Sunday, April 12, 2009

Book Review "Blunder: Why Smart People Make Bad Decisions"

I just finished a great book called “Blunder: Why Smart People Make Bad Decisions” by Zachary Shore. The book was a terrific historical study of both bad and good decisions and the differences between them. The author has a doctorate in Modern History from Oxford and performed postdoctoral research at Harvard’s Olin Institute for Strategic Studies. He teaches at the Naval Postgraduate School.

Dr. Shore uses numerous examples from history and politics and a very engaging writing style to demonstrate that the key to good results is good decision making, and that good communication underlies those decisions.

Dr. Shore indicates that Failure to Collaborate is a recurring theme in bad decisions, and that one reason that people fail to collaborate is their fear of being perceived as weak. This is related to what I call in the Pathfinder classes “The Kindergarten Model” of communication, in which we point out that the school system in North America tends to promote individual achievement over team achievement. You may remember the “advocacy versus inquiry” models that we discuss, that detail the key characteristics of a collaborative discussion and how we describe the mechanics of critical discussions in detail.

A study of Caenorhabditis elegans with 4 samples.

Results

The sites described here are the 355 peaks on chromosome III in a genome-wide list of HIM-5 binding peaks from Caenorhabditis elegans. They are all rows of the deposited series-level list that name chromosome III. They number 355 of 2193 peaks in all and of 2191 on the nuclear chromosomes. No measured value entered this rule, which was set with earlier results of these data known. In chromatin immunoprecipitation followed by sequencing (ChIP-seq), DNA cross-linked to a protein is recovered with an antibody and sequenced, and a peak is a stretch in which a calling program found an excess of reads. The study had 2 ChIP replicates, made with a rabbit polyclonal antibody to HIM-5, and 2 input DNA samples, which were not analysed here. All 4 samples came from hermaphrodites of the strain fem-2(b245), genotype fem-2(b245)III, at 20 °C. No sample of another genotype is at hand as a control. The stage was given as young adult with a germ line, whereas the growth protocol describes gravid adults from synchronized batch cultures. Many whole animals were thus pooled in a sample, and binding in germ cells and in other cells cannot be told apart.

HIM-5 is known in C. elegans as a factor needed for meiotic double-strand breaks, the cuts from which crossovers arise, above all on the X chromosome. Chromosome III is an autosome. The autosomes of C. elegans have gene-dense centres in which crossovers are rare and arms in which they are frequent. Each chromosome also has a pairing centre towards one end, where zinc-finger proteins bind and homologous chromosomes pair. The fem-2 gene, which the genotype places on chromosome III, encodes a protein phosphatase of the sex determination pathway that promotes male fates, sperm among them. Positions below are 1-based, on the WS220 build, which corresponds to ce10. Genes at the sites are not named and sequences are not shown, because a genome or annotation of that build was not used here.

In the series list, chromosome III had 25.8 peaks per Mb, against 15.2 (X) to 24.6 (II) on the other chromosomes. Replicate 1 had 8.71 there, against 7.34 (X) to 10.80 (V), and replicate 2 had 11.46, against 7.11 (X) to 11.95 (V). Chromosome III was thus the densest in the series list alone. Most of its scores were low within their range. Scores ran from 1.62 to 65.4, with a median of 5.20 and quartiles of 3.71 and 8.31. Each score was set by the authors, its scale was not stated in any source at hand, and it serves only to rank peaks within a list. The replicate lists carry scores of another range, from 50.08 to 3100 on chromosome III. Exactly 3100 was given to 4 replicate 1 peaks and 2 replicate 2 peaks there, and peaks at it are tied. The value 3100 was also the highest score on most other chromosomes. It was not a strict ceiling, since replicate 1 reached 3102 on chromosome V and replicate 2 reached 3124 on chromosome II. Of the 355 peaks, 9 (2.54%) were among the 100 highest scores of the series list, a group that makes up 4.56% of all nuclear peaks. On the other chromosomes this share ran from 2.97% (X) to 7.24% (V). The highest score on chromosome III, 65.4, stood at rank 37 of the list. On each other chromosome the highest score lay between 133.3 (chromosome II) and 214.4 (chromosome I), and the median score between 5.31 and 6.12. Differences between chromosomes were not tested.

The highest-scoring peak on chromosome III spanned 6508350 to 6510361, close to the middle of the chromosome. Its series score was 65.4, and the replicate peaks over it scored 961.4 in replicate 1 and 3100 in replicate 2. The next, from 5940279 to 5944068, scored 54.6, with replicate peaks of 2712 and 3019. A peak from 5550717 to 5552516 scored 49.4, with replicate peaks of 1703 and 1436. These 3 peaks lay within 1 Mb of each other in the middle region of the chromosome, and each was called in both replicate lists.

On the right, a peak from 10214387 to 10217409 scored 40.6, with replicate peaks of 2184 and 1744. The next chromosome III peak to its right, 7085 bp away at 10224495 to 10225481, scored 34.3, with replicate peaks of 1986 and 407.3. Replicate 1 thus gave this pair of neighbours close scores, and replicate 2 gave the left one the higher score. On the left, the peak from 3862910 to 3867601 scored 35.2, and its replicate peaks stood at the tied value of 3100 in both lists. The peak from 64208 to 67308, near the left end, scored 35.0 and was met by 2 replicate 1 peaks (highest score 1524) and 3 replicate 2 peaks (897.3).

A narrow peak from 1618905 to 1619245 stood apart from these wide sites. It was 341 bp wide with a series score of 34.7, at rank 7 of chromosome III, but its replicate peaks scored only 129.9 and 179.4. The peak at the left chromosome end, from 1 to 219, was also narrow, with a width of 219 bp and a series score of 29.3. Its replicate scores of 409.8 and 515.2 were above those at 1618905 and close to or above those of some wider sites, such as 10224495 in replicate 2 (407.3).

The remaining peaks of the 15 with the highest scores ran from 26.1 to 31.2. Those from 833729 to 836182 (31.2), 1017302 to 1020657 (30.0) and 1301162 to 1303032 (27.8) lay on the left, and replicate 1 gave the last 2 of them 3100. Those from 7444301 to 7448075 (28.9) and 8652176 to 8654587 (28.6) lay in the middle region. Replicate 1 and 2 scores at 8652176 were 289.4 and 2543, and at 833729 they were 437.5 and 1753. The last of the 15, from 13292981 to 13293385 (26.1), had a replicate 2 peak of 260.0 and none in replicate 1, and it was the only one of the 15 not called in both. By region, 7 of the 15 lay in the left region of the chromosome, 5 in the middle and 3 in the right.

Another reason that smart people make bad decisions, according to Dr Shore, is over-simplification of cause and under-analysis of analogies. In other words, bad decisions result when we fail to recognize all the factors that contribute to a situation and try to attribute events in a complex system to just a few factors. The act of thoroughly analyzing the causal chain of events can surface subtle differences between the way things appear and the way they actually are that drive us to new ways of looking at them. This is accomplished by the “Critical Discussion” model we use at Pathfinder.

Lastly, I’ll mention that the Dr. Shore makes a great point that curiosity and empathy (characteristically absent in he advocacy model) are key ingredients for the best decisions made throughout history. And predictably, their absence from the decision-making process nearly always contributes to regrettable conclusion.

Verdict? I would highly recommend this book to any of you that are serious in your study of decision making. AND I would recommend you sign up for the summer round of Pathfinder Communication Public Workshops that I will be announcing in Three Weeks.